Watching Out For Giant Kangaroo Rats From Space
Photo by Alison Cleary
Giant Kangaroo Rats. There's an entire population of them out there, and perhaps unbeknownst to you, they're already firmly entrenched in the Central Californian ecosystem. Just to clear things up—scientists are watching them from space, via satellite, as part of a program spearheaded by the Nature Conservancy and UC Berkeley researchers.
Using satellite remote sensing data, the scientists will be able to efficiently count the rats' population and map out their whereabouts. So why all the attention on a couple rats, though of the giant kangaroo variation they may be?
A Giant Kangaroo Rat Problem
The Kangaroo Rats are a keystone species, one that holds a mandatory place in the ecosystem—the species that holds the whole thing together. And the rats are endangered. When a keystone species suffers, so does the entire ecosystem. Found only in Central California, the Kangaroo rat earns this notable distinction due to its eating habits, which have earned him the seemingly less notable distinction of 'nature's lawnmower.'
"The giant kangaroo rat is the ecosystem engineer of the Carrizo Plain, clipping the grass, creating the burrows and enriching the soil that provides the conditions necessary to support a full suite of endangered species," says Scott Butterfield, a Nature Conservancy ecologist.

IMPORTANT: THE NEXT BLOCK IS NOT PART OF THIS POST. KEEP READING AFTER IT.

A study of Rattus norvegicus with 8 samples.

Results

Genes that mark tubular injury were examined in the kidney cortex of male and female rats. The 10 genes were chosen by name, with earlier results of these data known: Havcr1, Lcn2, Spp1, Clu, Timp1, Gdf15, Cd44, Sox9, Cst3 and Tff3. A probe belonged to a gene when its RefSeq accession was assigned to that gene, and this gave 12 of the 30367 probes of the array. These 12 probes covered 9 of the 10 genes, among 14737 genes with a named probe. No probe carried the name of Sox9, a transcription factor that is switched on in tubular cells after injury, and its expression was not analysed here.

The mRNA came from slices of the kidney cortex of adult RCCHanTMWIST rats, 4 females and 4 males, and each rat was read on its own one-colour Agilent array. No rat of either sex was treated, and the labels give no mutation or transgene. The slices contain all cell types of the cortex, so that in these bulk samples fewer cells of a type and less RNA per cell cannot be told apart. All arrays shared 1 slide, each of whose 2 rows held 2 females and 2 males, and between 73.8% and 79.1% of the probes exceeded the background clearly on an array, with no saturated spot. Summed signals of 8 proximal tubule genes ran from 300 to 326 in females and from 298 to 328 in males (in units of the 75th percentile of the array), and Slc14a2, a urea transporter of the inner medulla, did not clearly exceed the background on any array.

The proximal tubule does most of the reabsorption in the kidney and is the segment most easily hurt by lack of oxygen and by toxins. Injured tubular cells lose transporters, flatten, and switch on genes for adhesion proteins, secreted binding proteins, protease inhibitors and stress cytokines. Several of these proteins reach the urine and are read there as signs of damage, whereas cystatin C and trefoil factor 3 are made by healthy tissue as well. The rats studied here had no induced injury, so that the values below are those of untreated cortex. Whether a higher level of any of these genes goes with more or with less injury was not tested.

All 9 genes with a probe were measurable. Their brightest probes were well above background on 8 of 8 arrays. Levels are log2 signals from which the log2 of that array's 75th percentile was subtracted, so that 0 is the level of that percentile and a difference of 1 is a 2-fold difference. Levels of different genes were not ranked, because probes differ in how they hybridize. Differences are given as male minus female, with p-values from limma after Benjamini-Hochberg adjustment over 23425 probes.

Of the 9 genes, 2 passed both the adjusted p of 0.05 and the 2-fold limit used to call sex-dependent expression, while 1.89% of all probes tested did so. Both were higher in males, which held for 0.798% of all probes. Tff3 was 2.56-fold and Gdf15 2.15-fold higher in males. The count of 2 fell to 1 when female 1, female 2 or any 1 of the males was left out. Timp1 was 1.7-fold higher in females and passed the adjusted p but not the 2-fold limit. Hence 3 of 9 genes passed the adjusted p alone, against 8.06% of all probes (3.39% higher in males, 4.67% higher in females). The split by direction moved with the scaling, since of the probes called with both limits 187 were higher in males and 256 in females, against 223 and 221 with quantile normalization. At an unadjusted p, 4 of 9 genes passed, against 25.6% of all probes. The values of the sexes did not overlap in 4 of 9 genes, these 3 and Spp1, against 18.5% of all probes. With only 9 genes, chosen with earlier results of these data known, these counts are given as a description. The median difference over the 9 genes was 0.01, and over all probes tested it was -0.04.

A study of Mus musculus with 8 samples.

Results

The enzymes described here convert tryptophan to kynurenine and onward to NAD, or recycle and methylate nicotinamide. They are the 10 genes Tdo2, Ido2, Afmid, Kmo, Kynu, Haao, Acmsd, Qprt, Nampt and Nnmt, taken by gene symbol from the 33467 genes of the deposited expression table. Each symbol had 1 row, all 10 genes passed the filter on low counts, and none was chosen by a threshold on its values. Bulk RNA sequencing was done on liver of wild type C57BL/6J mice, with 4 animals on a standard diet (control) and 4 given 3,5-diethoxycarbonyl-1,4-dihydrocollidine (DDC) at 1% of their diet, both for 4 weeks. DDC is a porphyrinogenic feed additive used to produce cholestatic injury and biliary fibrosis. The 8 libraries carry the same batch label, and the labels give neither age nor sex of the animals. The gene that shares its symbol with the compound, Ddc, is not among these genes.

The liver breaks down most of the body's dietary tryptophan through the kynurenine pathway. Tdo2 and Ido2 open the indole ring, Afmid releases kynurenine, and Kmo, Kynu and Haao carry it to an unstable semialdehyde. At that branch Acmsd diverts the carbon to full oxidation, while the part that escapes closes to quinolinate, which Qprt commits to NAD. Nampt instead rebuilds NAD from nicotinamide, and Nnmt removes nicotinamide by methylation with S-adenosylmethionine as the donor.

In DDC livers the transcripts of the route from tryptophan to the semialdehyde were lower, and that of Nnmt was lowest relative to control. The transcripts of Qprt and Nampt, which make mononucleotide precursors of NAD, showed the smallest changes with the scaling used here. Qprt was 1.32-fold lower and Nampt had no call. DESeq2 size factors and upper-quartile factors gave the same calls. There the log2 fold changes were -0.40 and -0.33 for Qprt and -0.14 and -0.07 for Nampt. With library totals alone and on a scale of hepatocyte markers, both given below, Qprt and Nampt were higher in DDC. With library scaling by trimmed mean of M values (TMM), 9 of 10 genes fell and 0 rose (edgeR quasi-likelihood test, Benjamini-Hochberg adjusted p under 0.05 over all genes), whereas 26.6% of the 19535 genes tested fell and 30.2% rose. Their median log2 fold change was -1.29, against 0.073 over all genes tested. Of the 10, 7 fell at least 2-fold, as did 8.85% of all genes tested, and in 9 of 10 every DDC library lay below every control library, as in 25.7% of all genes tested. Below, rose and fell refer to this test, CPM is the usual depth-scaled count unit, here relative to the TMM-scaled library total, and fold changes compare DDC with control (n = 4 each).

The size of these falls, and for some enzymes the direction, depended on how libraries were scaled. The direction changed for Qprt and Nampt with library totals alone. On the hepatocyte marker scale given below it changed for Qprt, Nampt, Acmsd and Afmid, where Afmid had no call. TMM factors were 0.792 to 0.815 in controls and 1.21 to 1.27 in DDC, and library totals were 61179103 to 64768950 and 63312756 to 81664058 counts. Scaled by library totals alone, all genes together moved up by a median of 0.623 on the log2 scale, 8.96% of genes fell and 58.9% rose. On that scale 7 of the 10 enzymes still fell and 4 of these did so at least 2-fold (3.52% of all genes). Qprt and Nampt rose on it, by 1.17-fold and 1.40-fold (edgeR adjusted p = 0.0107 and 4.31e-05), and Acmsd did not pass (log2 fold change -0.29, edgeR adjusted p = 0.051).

Ratting Out Climate Change With Satellites
Kangaroo rats play such a significant role in the ecosystem that yearly land management decisions are often based on the population count. And that count used to be done by hand, by trapping and counting the rats—an excruciating, and less accurate method to be sure. The new method will allow scientists to receive a more nuanced portrait of the rats' habitats (seems satellites can do everything these days)—and how and why their population is shrinking. The study could additionally yield important information on the impact of climate change on the environment in general (hey, clues on climate change can come from unlikely places) —it's likely the biggest threat to the rat there is.